Tuesday, September 8, 2009

Vital Stats from Educational Records - Who'd Have Known?

I just wanted to share something quickly that might be of help to others out there. Today I received the four-page "record" of my great-uncle, William Lawrence Greene, from his time as a graduate student at Cornell in the 1920's. (Now before my faithful followers get too excited for me, this is not the elusive William Green who moved to NY and lived as White. This is the Wm who added the "e" to the surname, and whose descendants are the only ones in our family who use that spelling.) I ordered the documents in an attempt to determine exactly when Uncle Bill began to use the new spelling of his name, and found that he was, indeed, using it at that time.

What I hadn't anticipated was the gold mine of family information that was contained on just one of the four sheets of paper - a sheet labeled, "Vital Statistics". I'd never really thought of finding so much information about the parents of a student in that student's records, but take a look at the text of an email that I just sent out to all of my Greene cousins to share what I'd found out with them:

Hi Greene Cousins,

Just wanted to share a little information with all of you. Perhaps you may already know all of this, but I got some new-to-me tidbits (gems, really) of information today that I want to pass on.

I recently ordered William L Greene's records from the Archives Department at Cornell, in an attempt to pinpoint when he began to use the "e" on his name. I did find that at the time of his application to Cornell, he was already using the e. (I knew it was on his diploma, which is hanging at 2101, but I wanted to see if he used it before that.)

I was thrilled to also find out the following information from Uncle Bill's "Vital Statistics" sheet from Cornell.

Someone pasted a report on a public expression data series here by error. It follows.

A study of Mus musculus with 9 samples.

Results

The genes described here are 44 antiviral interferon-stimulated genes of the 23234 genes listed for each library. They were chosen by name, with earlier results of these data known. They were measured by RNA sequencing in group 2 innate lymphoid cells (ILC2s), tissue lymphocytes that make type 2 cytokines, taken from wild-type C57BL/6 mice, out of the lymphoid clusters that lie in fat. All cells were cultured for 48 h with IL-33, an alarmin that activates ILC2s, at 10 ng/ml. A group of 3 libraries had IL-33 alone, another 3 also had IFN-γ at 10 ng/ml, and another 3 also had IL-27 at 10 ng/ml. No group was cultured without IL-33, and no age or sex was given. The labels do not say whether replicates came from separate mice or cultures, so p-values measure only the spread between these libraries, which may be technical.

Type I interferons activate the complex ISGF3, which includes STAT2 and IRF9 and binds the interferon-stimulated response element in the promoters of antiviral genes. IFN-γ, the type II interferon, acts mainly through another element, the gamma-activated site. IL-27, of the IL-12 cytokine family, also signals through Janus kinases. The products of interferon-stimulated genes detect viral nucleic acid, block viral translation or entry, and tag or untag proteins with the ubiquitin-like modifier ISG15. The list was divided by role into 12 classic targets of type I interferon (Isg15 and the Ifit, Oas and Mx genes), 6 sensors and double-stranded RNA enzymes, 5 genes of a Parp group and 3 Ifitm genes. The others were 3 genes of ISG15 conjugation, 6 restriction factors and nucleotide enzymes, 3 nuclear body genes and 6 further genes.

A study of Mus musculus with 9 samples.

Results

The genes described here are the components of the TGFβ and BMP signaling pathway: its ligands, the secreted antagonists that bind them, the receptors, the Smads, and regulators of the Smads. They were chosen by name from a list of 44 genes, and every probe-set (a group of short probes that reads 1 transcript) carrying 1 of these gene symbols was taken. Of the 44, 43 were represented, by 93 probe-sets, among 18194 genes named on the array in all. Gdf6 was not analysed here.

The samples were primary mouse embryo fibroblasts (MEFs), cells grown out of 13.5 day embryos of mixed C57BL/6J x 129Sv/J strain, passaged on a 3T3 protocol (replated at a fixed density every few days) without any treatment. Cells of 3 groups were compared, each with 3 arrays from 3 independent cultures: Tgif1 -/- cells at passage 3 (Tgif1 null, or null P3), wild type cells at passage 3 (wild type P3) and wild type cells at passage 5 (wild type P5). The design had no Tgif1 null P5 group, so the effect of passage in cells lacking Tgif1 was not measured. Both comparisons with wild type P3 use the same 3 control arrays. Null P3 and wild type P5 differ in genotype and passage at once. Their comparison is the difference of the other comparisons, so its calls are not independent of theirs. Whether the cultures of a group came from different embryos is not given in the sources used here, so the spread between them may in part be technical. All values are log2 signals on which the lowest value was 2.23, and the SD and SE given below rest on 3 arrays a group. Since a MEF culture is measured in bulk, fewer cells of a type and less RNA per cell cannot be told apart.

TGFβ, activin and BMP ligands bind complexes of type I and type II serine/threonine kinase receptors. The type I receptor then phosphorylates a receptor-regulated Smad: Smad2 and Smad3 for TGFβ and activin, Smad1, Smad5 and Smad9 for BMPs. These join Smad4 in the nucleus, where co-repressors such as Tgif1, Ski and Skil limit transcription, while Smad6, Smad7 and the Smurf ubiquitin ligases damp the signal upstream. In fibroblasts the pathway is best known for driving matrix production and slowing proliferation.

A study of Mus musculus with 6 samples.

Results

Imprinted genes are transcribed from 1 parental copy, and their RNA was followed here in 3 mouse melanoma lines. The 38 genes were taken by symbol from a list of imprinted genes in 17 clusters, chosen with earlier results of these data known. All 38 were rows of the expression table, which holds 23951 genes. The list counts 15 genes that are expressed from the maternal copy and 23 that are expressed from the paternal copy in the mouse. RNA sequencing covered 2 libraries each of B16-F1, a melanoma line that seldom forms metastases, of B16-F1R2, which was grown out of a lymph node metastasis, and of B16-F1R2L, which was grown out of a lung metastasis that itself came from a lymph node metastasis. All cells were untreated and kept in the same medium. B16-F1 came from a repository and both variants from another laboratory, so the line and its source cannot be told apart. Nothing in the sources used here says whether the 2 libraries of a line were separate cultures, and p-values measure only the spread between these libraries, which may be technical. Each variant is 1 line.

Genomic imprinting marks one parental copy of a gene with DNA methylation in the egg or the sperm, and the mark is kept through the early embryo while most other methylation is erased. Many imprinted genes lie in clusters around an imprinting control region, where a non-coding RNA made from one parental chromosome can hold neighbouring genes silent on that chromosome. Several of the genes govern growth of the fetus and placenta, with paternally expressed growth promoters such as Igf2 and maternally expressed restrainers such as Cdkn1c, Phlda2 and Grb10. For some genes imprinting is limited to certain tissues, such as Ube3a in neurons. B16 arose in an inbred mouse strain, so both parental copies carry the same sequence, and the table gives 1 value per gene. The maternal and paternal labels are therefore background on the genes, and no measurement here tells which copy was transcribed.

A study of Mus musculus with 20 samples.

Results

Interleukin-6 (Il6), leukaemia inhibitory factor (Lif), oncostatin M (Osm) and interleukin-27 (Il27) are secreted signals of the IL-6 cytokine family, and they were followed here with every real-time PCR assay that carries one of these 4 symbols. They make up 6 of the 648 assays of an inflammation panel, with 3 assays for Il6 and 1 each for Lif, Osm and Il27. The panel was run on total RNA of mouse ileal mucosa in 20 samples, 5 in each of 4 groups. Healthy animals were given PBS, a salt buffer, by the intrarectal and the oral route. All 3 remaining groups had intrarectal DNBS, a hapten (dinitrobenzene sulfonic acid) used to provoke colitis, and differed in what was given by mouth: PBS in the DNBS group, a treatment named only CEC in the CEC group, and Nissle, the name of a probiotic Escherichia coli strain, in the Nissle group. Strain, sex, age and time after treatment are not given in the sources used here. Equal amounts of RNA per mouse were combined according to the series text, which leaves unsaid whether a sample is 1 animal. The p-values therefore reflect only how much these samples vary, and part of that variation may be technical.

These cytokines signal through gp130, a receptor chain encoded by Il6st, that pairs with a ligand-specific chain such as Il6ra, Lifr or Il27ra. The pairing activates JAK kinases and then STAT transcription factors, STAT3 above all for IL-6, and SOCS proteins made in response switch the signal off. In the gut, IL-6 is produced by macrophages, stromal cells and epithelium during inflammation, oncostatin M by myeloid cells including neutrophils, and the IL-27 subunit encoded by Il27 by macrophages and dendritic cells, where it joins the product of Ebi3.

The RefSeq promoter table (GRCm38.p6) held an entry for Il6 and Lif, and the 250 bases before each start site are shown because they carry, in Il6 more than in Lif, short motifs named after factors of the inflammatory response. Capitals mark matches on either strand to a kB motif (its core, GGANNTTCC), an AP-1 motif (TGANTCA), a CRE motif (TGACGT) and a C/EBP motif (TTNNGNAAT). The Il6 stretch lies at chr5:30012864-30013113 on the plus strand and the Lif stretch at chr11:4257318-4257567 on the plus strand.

1. The actual dates of his first child's birth and death were confirmed.
William Lawrence Greene, Jr. was born 2/9/1928 in Garysburg, N.C., and died there on 8/1/1928.

2. John W. Greene was born in Oxford. I had not previously been able to locate his place of birth.

3. WL's mother (our great-grandmother)'s middle name was Georgiana! (I'll bet that doubles the reason Uncle George got his name!) Susie Georgiana Dunstan Greene died in Rolesville, 12/4/1907. (I have been trying to find her date of death for TEN YEARS. I'd assumed she died in Franklin County, but now I know it was Wake. Those few miles make a big difference!)

4. WL lists the date of birth for his father (our great-grandfather) as July 18, 1865. I won't change this just yet on the tree, because everything I've had prior to this has been July,1864. However, it's great to have the exact day in July on which he was born (the 18th). I hope I can verify this one way or the other though, because, as the oldest child of Anna Green and Nathaniel Hawkins, it would change some things in my research to find out that their first child (John) was actually born pre-Emancipation.

5. Uncle Bill uses 927 South Main Street as his permanent address. (This was my grandmother's house - his sister, Annie.) He also lists my grandmother as his next of kin and first reference. I called Aunt Sue to tell her about all this, and when I told her that, she said that she recalled that Uncle Bill did live there for a short time, but I don't know the circumstances.

6. William and Georgia were married on June 10, 1927 in Oxford.

Well, that's all folks. Just keeping you informed about your fam-bi-ly! :)

As you can see, I racked up! I had no idea I'd find out all of that just from getting Wm's graduate application! There was more, but I only sent things that were news to me in the email. So, folks, if your ancestors attended college at any time, you might want to consider getting those records! Who knows what great information you'll find!


  1. that is excellent to hear! I too have some college records I need to order and have never gotten around to it. I need to get on it!

  2. Thanks for the information on the college records. I would have never thought to look there because no one in my family attended college prior to my parents generations. But that might help me tie up a few loose ends on a few relatives.

  3. Yeah, Mavis, all that information from his college record really took me by surprise! Now, I'm just wishing that more of my family had gone to school, but William was an exception, and like you, it wasn't until my parent's generation that anyone else went.